Governments respond to problems as policymakers see them. And sometimes — homelessness appears to be a case — the solutions only address what's visible to politicians and their voters.
Who will they take care of?
Is the homeless problem — as it’s seen by the government — a problem for the homeless people on the streets? Or is it a problem for the people who aren’t homeless, but have to step around homeless people, contend with homeless people, see homeless people every day?
Your mileage might differ depending on whether you’re talking about the state government or the folks at the city halls in places like Austin, Dallas, Houston, San Antonio and many of the state’s smaller cities.
The policies they write are responses to a problem, formulations concocted to set things right. And by its very nature, any policy reveals the problem it is supposed to solve. The authors of a policy address the problem they see — even if it’s not the problem others see.
In this case, policy might address the problem of homeless people — often unkempt, dirty, sometimes disturbing — on the streets where the rest of us encounter them daily. The “us” in that line is important, as it represents voters and the people most likely to command the attention of the policymakers. And they are complaining about a real problem; in a letter to Austin Mayor Steve Adler last week, Gov. Greg Abbott cited reports of “violence, used needles, and feces littering the streets of Austin and endangering Texas residents.”
Policy might be aimed at the underlying problem of why those homeless people are on the streets at all, and what might be done about that. Two obstacles come immediately to mind: Housing the homeless in any of the state’s big or medium-size cities would be expensive, first; second, the political rewards are smaller, as the people being helped aren’t the people who cast ballots and make political donations that benefit policymakers.
Homelessness jumped into the headlines at the beginning of the summer, when the city of Austin changed its laws to allow sitting and camping in public places so long as it doesn’t endanger safety and health or make “usage of such areas unreasonably inconvenient or hazardous.”
That leaves a lot of gray area, but it indicates that what the governor is criticizing in Austin is already illegal.
The message he sent and the way it was received was also interesting.
“You — as the Mayor of Austin — and your colleagues are charged with maintaining ‘the welfare, health, morals, comfort, safety, and convenience’ of your residents. That charge demands a robust response to the mounting homelessness crisis in Austin. The status quo is increasingly intolerable and a swift course correction is needed to protect the health and safety of Texans, and of the many visitors to Austin,” Abbott wrote.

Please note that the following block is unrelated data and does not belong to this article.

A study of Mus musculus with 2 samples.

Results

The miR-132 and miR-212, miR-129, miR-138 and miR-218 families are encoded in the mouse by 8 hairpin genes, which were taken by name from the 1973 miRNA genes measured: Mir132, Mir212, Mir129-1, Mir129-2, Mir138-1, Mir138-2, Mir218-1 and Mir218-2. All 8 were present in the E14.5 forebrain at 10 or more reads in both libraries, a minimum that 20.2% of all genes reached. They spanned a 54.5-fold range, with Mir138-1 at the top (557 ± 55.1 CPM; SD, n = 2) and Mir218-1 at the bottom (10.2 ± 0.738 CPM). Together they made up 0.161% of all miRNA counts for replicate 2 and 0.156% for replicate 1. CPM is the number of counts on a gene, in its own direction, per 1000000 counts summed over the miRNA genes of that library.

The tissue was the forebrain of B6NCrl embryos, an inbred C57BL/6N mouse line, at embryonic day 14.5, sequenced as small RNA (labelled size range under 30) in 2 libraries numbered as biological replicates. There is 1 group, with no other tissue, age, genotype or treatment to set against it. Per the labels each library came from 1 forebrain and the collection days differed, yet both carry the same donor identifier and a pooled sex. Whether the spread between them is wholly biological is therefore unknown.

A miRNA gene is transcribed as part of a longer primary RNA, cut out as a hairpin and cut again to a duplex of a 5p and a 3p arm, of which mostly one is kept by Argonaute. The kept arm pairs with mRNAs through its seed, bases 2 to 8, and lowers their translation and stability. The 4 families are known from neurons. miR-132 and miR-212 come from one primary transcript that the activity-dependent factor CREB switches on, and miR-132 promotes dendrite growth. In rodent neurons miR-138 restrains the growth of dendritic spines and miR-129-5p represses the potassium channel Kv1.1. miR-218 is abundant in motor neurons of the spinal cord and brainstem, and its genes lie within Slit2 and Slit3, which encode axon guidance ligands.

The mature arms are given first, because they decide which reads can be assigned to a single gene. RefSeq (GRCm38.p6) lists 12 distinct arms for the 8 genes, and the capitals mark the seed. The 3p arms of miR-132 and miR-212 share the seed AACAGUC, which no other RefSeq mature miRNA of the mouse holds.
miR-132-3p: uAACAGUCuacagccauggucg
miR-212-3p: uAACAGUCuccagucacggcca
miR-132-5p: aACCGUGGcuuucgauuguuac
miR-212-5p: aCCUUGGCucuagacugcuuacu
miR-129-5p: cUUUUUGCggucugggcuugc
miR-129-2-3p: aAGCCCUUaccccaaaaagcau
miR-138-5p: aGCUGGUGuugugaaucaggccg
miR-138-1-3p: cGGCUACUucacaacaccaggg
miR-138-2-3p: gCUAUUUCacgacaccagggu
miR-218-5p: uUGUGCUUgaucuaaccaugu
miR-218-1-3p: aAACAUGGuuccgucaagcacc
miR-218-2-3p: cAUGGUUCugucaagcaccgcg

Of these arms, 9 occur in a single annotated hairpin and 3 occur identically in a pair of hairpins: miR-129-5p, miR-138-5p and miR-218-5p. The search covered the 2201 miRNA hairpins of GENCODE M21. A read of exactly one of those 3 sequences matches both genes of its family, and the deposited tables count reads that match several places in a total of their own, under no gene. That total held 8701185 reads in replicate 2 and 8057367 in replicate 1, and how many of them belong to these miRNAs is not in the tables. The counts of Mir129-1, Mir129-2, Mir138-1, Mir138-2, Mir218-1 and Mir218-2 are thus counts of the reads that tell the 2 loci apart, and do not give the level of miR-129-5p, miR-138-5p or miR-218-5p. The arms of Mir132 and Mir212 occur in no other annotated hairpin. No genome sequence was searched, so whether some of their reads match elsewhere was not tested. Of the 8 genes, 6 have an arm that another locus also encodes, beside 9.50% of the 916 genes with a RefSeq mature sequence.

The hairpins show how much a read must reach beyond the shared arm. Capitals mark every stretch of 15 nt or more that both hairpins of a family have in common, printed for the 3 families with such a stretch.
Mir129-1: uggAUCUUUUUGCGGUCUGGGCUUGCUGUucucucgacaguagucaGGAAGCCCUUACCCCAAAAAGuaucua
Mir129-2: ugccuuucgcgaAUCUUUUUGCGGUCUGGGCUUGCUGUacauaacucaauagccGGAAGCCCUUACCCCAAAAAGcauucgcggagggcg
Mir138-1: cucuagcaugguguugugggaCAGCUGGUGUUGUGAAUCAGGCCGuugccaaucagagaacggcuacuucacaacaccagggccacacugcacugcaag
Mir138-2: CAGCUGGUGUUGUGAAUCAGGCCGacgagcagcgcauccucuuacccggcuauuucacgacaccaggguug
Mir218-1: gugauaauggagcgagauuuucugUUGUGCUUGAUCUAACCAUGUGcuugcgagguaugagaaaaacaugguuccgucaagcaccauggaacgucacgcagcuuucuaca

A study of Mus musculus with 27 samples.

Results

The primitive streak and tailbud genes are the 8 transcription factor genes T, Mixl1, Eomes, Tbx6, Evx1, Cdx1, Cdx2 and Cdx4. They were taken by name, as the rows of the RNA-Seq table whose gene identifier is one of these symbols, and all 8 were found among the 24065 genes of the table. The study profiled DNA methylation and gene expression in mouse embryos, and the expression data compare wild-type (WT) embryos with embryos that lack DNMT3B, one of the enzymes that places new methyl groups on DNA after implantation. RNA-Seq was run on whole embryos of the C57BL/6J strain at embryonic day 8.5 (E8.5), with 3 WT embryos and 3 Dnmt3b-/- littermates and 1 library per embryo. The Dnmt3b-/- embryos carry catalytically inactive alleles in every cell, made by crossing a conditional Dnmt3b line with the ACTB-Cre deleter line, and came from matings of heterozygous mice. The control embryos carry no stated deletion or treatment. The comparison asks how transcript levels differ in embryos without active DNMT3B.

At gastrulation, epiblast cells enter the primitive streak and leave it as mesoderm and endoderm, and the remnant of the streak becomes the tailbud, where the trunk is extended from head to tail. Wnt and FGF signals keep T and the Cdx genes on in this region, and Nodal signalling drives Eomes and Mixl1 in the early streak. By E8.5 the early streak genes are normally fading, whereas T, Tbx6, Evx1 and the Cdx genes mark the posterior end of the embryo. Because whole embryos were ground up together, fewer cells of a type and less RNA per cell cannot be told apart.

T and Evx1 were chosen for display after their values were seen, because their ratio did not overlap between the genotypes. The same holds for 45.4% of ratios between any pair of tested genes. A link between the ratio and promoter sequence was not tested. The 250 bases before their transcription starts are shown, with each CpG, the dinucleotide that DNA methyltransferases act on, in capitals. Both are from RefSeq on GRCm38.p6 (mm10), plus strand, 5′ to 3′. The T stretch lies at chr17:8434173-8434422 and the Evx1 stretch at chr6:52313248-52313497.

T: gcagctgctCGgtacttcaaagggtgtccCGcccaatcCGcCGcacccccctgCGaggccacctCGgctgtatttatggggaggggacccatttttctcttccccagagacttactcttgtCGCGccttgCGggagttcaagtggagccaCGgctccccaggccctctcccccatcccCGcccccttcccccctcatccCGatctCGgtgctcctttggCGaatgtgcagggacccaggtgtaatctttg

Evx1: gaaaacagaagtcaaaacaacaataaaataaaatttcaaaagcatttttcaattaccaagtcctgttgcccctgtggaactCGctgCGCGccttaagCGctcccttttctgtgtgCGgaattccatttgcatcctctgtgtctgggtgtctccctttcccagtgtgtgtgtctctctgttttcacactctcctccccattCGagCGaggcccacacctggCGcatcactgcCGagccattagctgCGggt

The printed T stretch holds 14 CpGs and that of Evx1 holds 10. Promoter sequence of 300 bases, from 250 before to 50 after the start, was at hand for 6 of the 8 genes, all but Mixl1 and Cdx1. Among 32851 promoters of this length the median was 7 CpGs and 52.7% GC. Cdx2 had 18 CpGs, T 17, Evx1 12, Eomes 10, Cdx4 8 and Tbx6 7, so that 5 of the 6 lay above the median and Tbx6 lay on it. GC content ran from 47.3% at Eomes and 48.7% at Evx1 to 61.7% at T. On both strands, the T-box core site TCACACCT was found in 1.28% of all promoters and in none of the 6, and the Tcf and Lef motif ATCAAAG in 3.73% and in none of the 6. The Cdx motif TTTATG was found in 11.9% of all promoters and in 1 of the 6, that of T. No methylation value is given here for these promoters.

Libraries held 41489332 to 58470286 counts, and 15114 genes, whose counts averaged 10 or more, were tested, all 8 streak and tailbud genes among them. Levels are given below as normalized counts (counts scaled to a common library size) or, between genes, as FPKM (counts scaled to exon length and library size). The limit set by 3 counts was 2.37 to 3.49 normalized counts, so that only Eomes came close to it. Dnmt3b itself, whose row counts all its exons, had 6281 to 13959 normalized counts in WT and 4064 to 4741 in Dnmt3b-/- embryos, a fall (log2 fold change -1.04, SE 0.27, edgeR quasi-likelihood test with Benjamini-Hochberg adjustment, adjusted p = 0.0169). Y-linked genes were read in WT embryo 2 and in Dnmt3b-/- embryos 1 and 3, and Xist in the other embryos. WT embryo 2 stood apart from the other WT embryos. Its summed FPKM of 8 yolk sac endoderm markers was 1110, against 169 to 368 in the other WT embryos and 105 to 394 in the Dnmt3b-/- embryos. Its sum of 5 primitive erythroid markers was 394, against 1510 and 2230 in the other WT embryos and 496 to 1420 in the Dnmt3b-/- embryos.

“As the Governor of Texas, I have the responsibility to protect the health and safety of all Texans, including Austin residents. Further inaction by you and the Austin City Council will leave me no choice other than to use the tools available to the State of Texas to ensure that people are protected from health and safety concerns caused by Austin’s homelessness policies.”
Adler apparently decided not to see any threat in the governor’s proposed response, instead interpreting the letter as an offer of help from the state. He said the governor will see action within a week from the city. And he tried to steer the conversation from the comfort and convenience of most people in Austin to the troubles of the homeless residents.
“I recognize the angst and concern that is happening in our community now as homelessness is becoming increasingly visible,” he told reporters. “But we didn’t create more people experiencing homelessness. We see it now.”
Watch the state and local policy unfold, and you’ll know which problem had the governments’ attention: People feeling threatened by the homeless, the homeless people themselves, or both.
Disclosure: Steve Adler, a former Texas Tribune board chairman, has been a financial supporter of the Tribune, a nonprofit, nonpartisan news organization that is funded in part by donations from members, foundations and corporate sponsors. Financial supporters play no role in the Tribune's journalism. Find a complete list of them here.